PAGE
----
Solving the problem of homelessness in Kelowna — if even achievable — is a long-term project.
But tackling the issue and showing initial results is something that can be done with more immediacy.
While some will argue the city’s five-year Journey Home initiative, aimed at addressing homelessness in Kelowna, has already shown early signs of success with a sharp increase in social housing in recent years, others point to a growing tent city along the lower black of Leon Avenue downtown as proof not enough is being done.
For some, the promised results of Journey Home are not coming fast enough.
Earlier this week a group called the Alliance Against Displacement came to town to publicly call for more help for those living on the street in Kelowna.
During a gathering with the media, the group’s spokeswoman listed four demands, including more housing, no unlawful searches of the tents many homeless use for shelter, street-side electric outlets so the homeless can heat their tents safely and more respect from the police.
While the protest was dismissed as a “frustrating distraction” by Journey Home officials, it highlighted a growing perception by many that the process currently being used is not providing results to help people on the street now.
Journey Home is a multi-pronged approach based on the “housing first” model that has been shown to work — get people who need housing into their own place first and then get them the services they need and there’s a better chance of success in the end.
But creating new housing takes time, and there is a cost.
Kelowna has fared remarkably well when it comes to the amount of social housing provided by the province in recent years. But every development has been met with opposition, particularly from perspective neighbours.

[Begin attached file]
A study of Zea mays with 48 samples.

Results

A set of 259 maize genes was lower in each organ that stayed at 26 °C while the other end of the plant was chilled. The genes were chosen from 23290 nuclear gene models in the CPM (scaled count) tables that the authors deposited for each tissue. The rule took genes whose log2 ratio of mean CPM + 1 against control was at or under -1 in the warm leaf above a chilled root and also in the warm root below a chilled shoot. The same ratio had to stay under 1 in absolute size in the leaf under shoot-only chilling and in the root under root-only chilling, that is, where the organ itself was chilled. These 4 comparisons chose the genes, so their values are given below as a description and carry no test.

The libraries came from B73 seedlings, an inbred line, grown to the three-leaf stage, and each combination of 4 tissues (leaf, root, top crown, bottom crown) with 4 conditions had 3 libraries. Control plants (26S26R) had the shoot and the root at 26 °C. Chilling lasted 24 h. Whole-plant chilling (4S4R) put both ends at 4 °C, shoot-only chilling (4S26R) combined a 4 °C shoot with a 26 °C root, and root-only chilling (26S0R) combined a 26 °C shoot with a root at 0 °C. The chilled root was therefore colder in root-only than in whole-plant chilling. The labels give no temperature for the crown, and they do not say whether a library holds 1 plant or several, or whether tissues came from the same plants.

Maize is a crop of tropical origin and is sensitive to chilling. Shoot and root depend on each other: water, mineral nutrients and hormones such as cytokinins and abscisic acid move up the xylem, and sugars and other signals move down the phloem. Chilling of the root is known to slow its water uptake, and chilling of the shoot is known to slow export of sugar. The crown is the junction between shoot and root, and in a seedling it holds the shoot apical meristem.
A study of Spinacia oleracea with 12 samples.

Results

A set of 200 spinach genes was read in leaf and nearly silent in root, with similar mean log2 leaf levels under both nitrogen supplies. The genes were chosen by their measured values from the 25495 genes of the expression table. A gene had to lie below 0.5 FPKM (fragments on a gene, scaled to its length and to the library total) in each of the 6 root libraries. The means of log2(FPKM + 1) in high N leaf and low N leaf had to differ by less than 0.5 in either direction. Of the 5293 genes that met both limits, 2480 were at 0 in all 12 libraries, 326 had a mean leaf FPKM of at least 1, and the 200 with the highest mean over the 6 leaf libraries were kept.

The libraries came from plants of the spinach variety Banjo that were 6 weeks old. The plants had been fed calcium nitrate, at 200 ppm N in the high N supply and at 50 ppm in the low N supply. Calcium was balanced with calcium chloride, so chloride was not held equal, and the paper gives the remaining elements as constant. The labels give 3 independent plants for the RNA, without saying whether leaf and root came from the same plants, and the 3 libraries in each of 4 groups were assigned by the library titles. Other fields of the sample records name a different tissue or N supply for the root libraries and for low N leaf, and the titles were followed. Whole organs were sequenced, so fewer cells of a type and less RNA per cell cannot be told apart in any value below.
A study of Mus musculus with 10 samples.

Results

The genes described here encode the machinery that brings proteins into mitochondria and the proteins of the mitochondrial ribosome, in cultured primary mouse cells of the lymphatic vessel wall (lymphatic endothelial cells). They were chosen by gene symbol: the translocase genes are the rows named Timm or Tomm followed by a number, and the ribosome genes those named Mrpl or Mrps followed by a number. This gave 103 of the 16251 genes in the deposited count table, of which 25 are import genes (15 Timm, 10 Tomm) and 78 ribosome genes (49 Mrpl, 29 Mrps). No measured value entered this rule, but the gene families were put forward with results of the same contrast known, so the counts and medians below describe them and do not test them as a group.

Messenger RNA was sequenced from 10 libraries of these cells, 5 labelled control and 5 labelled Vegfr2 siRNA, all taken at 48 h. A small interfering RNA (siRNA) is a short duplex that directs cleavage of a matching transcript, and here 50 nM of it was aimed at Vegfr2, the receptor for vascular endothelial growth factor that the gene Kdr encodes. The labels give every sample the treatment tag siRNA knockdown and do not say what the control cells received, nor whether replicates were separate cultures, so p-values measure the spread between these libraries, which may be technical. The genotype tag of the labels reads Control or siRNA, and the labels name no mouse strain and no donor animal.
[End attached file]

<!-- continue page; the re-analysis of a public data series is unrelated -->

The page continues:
And, as was pointed out by many at the protest earlier this week, supportive housing alone is not the only answer. They want to see more housing options, especially as winter is just around the corner.
Given recent local history, and the current climbing property prices, finding more shelter space in Kelowna will be difficult short of the city buying buildings to create it.
In From The Cold, a long-time shelter in the city looked for a year to replace its building when it was forced out due to redevelopment and was unsuccessful. The shelter’s closure just added to the ongoing problem.
In the end, the Alliance Against Displacement protest did not tell the city anything its residents — both those with homes and those without — didn’t already know.
Kelowna has a problem and despite the work being done to alleviate it in the long-term, in the short-term it’s getting worse.
It’s not an abstract issue. Lives are literally at stake.
The aim of Journey Home is good and the people working to make it a success are genuinely doing their best. But short-term solutions need to found just as much as long-term ones.
The city prides itself in what it does for the betterment of those who live in Kelowna — particularly those who have. It needs to also show it can help those who don’t have.
Alistair Waters is a regional editor with Black Press in Kelowna.